You're the bartender now: Detroit's craft cocktails made at home
After six days at home, I was ready for a drink.
Not a glass of wine or a whiskey and Vernors; I had those. I was thinking of something more crafty. The absolutely necessary stay-at-home order means that the pleasure of taking a seat at your favorite watering hole and having a skilled bartender mix you a drink with your spirit of choice is on hold for the moment while the country waits out the coronavirus pandemic.
You're the bartender now.
Luckily, booze is easier to get than toilet paper, at least for now, and liquor stores remain reasonably stocked. Here are a few ideas to get you started.
Martini for your quarantini
Ferndale's Valentine Distillery has some helpful how-to videos at valentinedistilling.com/recipes. The award-winning vodka, bourbon and gin manufacture distributes across Michigan and to 11 other states. It can be found in many grocery stores as and well-stocked liquor and wine shops. Customers can also order online.
If you've got even a mostly-empty jar of olives in your fridge and a bottle of Valentine Vodka — winner of World’s Best Vodka in the 2016 World Vodka Awards — then you can make a dirty martini according to their recipe using just a half an ounce of olive brine, no vermouth necessary.
The "Detroit Dirty" version of a martini is also listed on their website and has just two ingredients: 2.5 ounces of Valentine Vodka and 3/4 ounce of brine from McClure's Spicy Dill Pickles, which are found at specialty markets or online at mcclures.com. Shake them together with ice and double strain into your favorite glass.
(For any recipe that calls for a shaker, at home you can use a pint glass and a smaller cup fitted into the top and pour through a small mesh strainer.)
Valentine Distilling has teamed up with Griffin Claw Brewing Company to assist the Birmingham beer makers with their santizer-making efforts. Valentine is supplying addition alcohol to Griffin Claw, which also makes spirits, to help them meet the demand for ethanol-based hand sanitizer.
Perfect Manhattan for an imperfect situation
Two James Spirits in Corktown and Detroit City Distillery in Eastern Market have also started producing hand sanitizer to aid in the effort. The latter shared with me their recipe for a Perfect Manhattan using their Homegrown Rye, which is in stores or available online at detroitcitydistillery.com/purchase.
2 ounces Homegrown Rye Whiskey
1/2 ounce sweet vermouth
1/2 ounce dry vermouth
3 dashes of orange bitters (look for it in the spirit aisle of Meijer or other grocery store)
Stir all ingredients in a glass with ice, and strain into a rocks glass with fresh ice and garnish with a lemon peel.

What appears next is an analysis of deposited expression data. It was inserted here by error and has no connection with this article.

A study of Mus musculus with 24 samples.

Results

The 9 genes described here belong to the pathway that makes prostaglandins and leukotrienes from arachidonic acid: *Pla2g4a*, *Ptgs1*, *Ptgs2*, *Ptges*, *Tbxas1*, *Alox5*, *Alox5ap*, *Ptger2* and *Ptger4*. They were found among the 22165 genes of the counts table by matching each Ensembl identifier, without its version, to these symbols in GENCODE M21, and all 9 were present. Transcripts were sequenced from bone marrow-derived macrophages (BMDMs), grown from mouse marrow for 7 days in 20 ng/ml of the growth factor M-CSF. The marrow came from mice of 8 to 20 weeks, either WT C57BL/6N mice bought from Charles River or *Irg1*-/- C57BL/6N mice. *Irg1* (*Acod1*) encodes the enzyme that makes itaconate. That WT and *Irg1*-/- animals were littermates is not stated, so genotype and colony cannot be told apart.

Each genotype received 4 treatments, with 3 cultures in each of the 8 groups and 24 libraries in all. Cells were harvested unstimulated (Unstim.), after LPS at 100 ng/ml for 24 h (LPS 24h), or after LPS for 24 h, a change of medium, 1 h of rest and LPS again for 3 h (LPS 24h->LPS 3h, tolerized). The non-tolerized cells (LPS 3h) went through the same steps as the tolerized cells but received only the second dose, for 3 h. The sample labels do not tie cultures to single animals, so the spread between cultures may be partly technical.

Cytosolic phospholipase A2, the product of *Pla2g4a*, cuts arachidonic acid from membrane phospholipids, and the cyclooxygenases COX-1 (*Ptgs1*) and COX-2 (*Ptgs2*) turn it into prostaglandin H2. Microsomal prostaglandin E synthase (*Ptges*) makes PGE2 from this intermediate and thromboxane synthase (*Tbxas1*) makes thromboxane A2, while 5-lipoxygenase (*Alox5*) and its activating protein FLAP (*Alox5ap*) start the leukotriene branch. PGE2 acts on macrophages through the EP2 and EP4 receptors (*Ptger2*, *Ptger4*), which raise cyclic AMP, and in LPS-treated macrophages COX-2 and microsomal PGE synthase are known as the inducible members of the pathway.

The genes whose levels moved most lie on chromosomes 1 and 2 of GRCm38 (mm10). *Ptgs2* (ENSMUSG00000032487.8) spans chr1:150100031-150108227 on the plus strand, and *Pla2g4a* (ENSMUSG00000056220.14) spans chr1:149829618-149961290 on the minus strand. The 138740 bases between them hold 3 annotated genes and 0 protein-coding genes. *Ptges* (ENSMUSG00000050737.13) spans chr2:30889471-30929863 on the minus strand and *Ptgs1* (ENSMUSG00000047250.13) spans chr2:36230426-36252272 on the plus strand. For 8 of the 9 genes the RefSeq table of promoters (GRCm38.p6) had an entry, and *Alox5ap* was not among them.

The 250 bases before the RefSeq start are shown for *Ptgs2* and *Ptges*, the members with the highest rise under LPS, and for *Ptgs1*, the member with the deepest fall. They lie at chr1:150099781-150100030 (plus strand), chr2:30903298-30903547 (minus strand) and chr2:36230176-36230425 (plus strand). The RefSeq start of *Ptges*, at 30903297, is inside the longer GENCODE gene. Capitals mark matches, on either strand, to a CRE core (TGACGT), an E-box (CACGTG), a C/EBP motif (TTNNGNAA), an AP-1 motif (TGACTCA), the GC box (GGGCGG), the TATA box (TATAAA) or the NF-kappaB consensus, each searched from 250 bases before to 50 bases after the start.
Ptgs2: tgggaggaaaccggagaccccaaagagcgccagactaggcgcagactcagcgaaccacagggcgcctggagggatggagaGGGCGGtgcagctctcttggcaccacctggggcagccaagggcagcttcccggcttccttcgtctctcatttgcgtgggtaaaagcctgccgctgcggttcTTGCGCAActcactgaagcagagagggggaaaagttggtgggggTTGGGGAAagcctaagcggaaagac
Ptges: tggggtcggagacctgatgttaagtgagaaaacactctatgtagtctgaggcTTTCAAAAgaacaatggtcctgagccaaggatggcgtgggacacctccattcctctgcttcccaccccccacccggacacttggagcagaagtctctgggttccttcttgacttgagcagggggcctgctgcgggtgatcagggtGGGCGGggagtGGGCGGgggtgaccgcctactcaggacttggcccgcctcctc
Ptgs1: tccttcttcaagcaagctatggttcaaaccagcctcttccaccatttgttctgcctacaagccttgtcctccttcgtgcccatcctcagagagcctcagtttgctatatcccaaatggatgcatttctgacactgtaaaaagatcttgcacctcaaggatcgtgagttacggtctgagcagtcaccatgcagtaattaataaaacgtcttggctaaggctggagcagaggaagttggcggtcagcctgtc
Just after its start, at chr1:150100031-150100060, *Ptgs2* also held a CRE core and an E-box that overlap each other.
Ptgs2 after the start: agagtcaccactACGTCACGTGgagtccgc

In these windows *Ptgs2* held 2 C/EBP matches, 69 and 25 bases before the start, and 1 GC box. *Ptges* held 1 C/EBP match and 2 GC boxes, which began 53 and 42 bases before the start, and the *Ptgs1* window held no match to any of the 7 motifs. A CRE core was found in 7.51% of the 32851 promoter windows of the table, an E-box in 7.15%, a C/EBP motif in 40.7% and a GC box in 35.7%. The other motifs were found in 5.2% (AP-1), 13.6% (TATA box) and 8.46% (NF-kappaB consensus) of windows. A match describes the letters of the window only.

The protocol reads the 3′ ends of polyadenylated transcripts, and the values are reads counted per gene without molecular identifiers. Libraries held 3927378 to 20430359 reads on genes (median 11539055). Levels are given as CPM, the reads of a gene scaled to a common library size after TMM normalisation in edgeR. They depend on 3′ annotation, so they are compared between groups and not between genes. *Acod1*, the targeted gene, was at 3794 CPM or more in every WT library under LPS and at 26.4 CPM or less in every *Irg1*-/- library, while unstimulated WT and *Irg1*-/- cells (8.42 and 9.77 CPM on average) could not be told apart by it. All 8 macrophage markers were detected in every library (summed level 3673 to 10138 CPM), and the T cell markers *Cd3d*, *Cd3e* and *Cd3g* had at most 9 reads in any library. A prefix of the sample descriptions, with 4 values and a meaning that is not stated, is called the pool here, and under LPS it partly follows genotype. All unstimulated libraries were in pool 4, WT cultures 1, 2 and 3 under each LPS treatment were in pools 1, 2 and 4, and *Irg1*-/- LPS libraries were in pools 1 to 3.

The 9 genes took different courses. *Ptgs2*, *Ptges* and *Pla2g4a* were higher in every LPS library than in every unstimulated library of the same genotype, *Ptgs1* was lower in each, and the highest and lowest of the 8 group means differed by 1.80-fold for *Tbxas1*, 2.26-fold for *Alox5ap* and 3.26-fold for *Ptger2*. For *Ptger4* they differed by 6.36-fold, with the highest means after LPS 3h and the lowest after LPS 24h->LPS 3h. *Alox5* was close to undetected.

Downtown cocktail lounge Standby gets creative
On Friday Standby cocktail lounge in downtown Detroit is selling an e-book with recipes from throughout the bar's short history that have been modified for the novice or intermediate craft cocktail mixologist.
The book comes with illustrations and is yours to download with a minimum donation of $15. Proceeds from the book will to toward Standby's staff. Order at standbydetroit.com.
One of the ingredients in the book is for the La Joya cocktail. This is Standby's version of a Bijou, a gin-based cocktail from the early 20th century. This is for someone looking for a more complex, intricate drink.
1 1/2 ounces Del Maguey Vida Mezcal
3/4 ounce Green Chartreuse
3/4 ounce Pedro Ximénez Sherry (Standby uses El Maestro Sierra)
6 dashes of hopped grapefruit bitters
Add all ingredients in to a mixing glass with ice and stir. Strain into a "nick and nora" glass, a small 5- or 6-ounce martini glass. Express a grapefruit peel's oils over the top of the drink and discard the rind.
Tip your bartender virtually
While you're at home mixing your own nightcaps, your favorite bartender is possibly doing the same instead of working. Restaurants are struggling to make ends meet with carryout and delivery service, but bars that just sell drinks are out of luck until at least April 13.
Fortunately, area cocktail blog NickDrinks.com has created a website, GoTipEm.com, which is a collection of out-of-work bartenders from across the country. The site lists the bar workers by state and alphabetically.
When you make your drink at home, share your handiwork with a photo on social media using the hashtag #gotipem. (That part is optional; just for fun.) Then look for your favorite bartender on the site, or pick one randomly and send them a tip via their preferred mobile payment app like PayPal, Vemo or Cash App.
One last thing: Now is the time to pull out that unique bottle of wine you got during a winery tour on your last vacation, or the liter of expensive Scotch someone was saving for a rainy day. What were you saving it for, if not a weeks-long directive from the government to stay home? Cheers.